Kentucky First State To Get OK For Medicaid Work Requirement
Kentucky became the first state to require many of its Medicaid recipients to work to receive coverage, part of an unprecedented change to the nation's largest health insurance program under the Trump administration.
The Centers for Medicare and Medicaid Services announced the approval on Friday. The change will require adults between the ages of 19 and 64 to complete 80 hours per month of "community engagement" to keep their coverage. That includes getting a job, going to school, taking a job training course and community service.
Advocates for the poor have said work requirements will become one more hoop for low-income people to jump through, and many could be denied needed coverage because of technicalities and challenging new paperwork. Lawsuits are expected as individual states roll out work requirements.
Republican Gov. Matt Bevin said he expects the changes to save the state more than $300 million over the next five years. But he also estimated as many as 95,000 people could lose their Medicaid benefits, either because they did not comply with the new rules or they lose their eligibility because they make too much money.
Bevin has dubbed the new program Kentucky Helping to Engage and Achieve Long Term Health, or Kentucky HEALTH.
"Overall, CMS believes that Kentucky HEALTH has been designed to empower individuals to improve their health and well-being," CMS Principal Deputy Administrator Demetrios L. Kouzoukas wrote in a letter announcing the change.
Democratic U.S. Rep. John Yarmuth called the changes "dangerous and irresponsible."
"The Trump administration has agreed to end health coverage for 95,000 Kentuckians," Yarmuth said. "Make no mistake: People will die because of this."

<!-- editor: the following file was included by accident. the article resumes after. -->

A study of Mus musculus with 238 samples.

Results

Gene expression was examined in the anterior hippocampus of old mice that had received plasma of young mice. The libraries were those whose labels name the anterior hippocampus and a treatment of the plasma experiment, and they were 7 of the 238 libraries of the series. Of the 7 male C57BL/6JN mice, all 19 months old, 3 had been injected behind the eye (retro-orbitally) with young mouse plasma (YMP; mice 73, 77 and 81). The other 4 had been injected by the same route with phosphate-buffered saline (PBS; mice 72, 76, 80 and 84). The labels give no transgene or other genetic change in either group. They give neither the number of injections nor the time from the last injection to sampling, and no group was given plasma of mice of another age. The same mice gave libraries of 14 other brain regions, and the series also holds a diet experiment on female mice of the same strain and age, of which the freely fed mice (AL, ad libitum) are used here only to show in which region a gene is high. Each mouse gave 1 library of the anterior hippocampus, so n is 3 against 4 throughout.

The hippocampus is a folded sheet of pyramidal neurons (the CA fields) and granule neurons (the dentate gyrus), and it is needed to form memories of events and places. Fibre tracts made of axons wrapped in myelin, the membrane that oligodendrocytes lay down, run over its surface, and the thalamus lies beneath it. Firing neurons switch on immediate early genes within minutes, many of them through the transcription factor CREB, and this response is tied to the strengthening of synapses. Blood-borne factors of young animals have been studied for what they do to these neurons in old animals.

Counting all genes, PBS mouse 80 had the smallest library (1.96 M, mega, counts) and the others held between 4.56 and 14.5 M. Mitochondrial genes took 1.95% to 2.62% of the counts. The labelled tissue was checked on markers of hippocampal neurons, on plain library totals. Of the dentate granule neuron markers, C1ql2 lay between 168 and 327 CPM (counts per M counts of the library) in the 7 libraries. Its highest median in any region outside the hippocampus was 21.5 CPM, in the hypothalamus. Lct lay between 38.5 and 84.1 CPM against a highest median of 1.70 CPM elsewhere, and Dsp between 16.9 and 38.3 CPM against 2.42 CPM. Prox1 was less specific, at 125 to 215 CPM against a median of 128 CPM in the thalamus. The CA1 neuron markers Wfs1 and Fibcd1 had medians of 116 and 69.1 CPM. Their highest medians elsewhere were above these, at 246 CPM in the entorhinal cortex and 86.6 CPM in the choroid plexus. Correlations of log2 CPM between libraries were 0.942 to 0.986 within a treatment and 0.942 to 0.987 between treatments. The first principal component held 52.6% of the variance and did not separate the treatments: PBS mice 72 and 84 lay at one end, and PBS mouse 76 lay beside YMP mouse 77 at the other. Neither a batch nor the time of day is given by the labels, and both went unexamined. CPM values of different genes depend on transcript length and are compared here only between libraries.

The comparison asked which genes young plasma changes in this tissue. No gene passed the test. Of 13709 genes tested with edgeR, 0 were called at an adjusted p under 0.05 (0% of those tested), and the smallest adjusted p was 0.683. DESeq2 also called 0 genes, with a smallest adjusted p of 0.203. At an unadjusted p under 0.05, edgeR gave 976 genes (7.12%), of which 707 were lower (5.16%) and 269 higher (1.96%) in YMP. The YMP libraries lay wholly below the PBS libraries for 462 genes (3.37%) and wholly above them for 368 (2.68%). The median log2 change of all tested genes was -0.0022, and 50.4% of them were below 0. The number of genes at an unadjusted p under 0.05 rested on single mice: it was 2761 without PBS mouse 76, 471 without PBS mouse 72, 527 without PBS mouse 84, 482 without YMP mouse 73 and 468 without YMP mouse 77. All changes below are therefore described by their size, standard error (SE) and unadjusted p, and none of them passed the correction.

Calling the Trump administration's waivers "unprecedented," two senior congressional Democrats who work on Medicaid issues asked the nonpartisan Government Accountability Office to review the government's decision-making process.
"It is critical that key decisions regarding eligibility, coverage, benefits, delivery system reforms, federal Medicaid spending, and other important aspects of these demonstrations are transparent, accountable, and in line with congressional intent," wrote Rep. Frank Pallone of New Jersey and Sen. Ron Wyden of Oregon.
Created in 1965 for families on welfare and low-income seniors, Medicaid now covers more than 70 million people, or about 1 in 5 Americans. The federal-state collaboration has become the nation's largest health insurance program.
There are many exemptions to the work requirement, including the "medically frail," a broad term that includes people suffering from chronic alcohol and drug abuse in a state that has been one of the hardest hit by the opioid epidemic.
Other exemptions include pregnant women, full-time students, former foster care youth, primary caregivers of dependents (limited to one per household) and people diagnosed with "an acute medical condition that would prevent them from complying with the requirements."